SA senator runs presidential campaign on student representation

Media Credit: Dan Rich | Contributing Photo Editor

Sen. Erika Feinman, CCAS-U, is running on a platform that includes adding one graduate student and one undergraduate student to the Board of Trustees. Feinman, who is also a member of Phi Sigma Sigma and the Feminist Student Union, would also like to reduce the costs to visit the Colonial Health Center.

Updated: Feb. 21, 2016 at 11:07 p.m.

A junior with a year of experience on the Student Association Senate announced her candidacy for SA President Monday.

Sen. Erika Feinman, CCAS-U, is running on a lofty platform that includes adding one graduate and one undergraduate student to the Board of Trustees, which she says will help GW be more accountable to students.

“It’s something that has been continuously talked about on our campus, continuously supported on our campus, but it’s something that just hasn’t happened yet,” she said.

Feinman said the lack of a student voice was clear in decisions like last year’s cuts to the music department and the initial decision to not rescind Bill Cosby’s honorary degree following allegations of sexual assault.

The Student Association has tried to put student members on the Board of Trustees for more than a decade. Administrators have said the trustees’ bylaws prevent any student or faculty member from sitting on the 34-member board.

The SA created a committee two years ago that spent four months researching the possibility of a student representative on the Board of Trustees, though it opted not to publicly release the report. Feinman said she read the report and attributed the failure to put students on the board to a lack of research on how other colleges achieved the same goal.

“I believe this is one of the reasons why past efforts for shared governance have not been successful. We need an implementation plan and someone who is willing to take the lead on this initiative and make it the executive cabinet’s priority,” she said.

Seven of GW’s 14 peer schools – American, Washington, Duke, Southern Methodist, Tufts and Emory universities, as well as the University of Southern California – include students on their Boards of Trustees.

Feinman said she wants to reduce the costs to visit the Colonial Health Center by reducing the $30 co-pay for a health appointment by $10 for students without GW health insurance plan. Students on the plan do not have to pay the fee.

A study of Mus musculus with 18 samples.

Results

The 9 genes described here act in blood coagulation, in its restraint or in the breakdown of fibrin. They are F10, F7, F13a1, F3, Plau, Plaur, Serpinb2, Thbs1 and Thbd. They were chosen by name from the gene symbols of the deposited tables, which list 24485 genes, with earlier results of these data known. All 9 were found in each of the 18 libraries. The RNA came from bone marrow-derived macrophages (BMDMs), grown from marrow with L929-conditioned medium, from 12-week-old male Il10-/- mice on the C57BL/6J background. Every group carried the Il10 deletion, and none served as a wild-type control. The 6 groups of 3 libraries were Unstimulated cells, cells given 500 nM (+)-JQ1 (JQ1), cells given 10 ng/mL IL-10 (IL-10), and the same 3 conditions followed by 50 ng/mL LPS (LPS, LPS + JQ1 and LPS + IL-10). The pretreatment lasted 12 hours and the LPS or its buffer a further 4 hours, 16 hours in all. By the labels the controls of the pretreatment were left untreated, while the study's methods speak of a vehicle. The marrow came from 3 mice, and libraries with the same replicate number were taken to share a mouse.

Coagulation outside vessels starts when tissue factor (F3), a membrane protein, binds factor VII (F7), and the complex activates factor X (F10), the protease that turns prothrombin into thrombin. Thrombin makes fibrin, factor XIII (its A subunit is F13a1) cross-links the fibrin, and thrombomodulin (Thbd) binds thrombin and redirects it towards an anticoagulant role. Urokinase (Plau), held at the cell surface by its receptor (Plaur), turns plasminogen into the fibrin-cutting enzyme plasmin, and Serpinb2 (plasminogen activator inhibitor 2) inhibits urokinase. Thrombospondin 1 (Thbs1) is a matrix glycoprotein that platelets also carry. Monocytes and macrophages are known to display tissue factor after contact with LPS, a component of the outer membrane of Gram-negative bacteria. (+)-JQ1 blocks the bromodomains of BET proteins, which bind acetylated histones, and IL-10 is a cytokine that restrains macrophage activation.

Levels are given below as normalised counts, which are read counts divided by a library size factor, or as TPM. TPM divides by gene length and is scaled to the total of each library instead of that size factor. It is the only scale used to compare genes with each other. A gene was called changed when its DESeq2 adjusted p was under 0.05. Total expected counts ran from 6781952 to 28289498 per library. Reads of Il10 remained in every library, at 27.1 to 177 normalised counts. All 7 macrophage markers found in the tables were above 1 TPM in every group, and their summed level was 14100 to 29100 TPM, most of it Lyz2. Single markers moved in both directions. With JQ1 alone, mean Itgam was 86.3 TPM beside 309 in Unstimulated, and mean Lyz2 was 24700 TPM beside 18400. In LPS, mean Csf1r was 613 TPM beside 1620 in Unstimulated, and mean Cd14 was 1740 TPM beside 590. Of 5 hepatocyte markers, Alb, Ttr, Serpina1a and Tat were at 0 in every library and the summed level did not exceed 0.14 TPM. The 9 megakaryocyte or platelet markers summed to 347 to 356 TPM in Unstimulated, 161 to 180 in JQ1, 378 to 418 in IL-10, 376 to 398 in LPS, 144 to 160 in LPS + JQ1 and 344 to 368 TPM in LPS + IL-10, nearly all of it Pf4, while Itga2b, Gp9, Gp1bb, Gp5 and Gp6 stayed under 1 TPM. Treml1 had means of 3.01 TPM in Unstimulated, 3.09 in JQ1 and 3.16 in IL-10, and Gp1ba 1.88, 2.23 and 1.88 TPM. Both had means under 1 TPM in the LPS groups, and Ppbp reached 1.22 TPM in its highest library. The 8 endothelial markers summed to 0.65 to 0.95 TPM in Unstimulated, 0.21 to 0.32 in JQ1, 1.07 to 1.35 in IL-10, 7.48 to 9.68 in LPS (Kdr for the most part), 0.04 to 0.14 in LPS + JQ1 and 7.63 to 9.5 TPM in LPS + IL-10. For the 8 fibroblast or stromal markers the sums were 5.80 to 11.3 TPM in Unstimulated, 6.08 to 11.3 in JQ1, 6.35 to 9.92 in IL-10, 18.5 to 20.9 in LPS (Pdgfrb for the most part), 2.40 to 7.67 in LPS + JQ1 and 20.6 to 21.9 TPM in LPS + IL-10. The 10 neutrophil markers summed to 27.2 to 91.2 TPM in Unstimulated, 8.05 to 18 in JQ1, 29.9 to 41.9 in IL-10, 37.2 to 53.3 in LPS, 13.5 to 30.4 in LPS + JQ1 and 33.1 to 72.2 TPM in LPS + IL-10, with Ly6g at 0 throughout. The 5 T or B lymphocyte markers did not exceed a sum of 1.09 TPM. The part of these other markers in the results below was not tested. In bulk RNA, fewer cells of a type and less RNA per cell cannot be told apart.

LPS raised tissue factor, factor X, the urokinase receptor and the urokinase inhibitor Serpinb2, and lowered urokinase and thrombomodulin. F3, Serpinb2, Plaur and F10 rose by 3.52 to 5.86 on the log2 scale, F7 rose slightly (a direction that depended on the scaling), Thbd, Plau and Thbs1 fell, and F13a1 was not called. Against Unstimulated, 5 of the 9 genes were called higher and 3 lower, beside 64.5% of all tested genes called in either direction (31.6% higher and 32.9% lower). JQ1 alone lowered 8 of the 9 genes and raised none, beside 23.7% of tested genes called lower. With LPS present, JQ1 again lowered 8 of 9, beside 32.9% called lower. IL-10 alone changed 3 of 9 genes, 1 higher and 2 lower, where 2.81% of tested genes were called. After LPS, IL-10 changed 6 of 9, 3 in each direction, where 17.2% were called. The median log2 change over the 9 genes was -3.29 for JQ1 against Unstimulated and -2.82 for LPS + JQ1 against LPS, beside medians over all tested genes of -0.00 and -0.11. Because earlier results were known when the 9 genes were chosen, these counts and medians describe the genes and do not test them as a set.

She said she also hopes to implement a more official referral service for all health-related issues that would allow for students without the GW insurance plan to cross reference other providers and see if there is a more affordable option. The Colonial Health Center currently provides referrals to students who visit.

“For many students, being at college is the first time they are away from home and likely the first time they will go to the doctor by themselves. I want to ease this transition for students to ensure that they are safe, healthy and getting the medical attention that they need,” she said.

Feinman said she would also like to reduce the cost of double-sided printing at GW’s printing kiosks, a topic brought up by SA President Andie Dowd at a Board of Trustees meeting earlier this month.

Feinman said she would also like to create a position on the SA that would focus entirely on sustainability, in line with GW’s other green programming. SA senators voiced their support for divestment last year when they passed a referendum allowing for the student body to vote on their thoughts of the issue.

Feinman, who majors in political science and women’s studies, said she would also like to change the title of the executive cabinet position in charge of diversity and inclusion from director to vice president to give minority groups a more official voice in the SA.

Diversity and inclusion have been a major focus of the Student Association recently. Over the last few months the SA appointed a committee to review and write a series of new bylaws so that multicultural and minority groups received equal treatment in how they are given funds.

Feinman served as a member of the Feminist Student Union executive board for three years and is also a member of Phi Sigma Sigma.

“All of my experiences in all of these different organizations have allowed me to essentially be able to ensure that I was involving student voices from a variety of different communities,” she said.

This post was updated to reflect the following correction:
The Hatchet incorrectly reported that Erika Feinman is a two-time SA senator. She has been on the senate one year. This post was also updated to include additional peer schools who have a student representative on the Board of Trustees. We regret this error.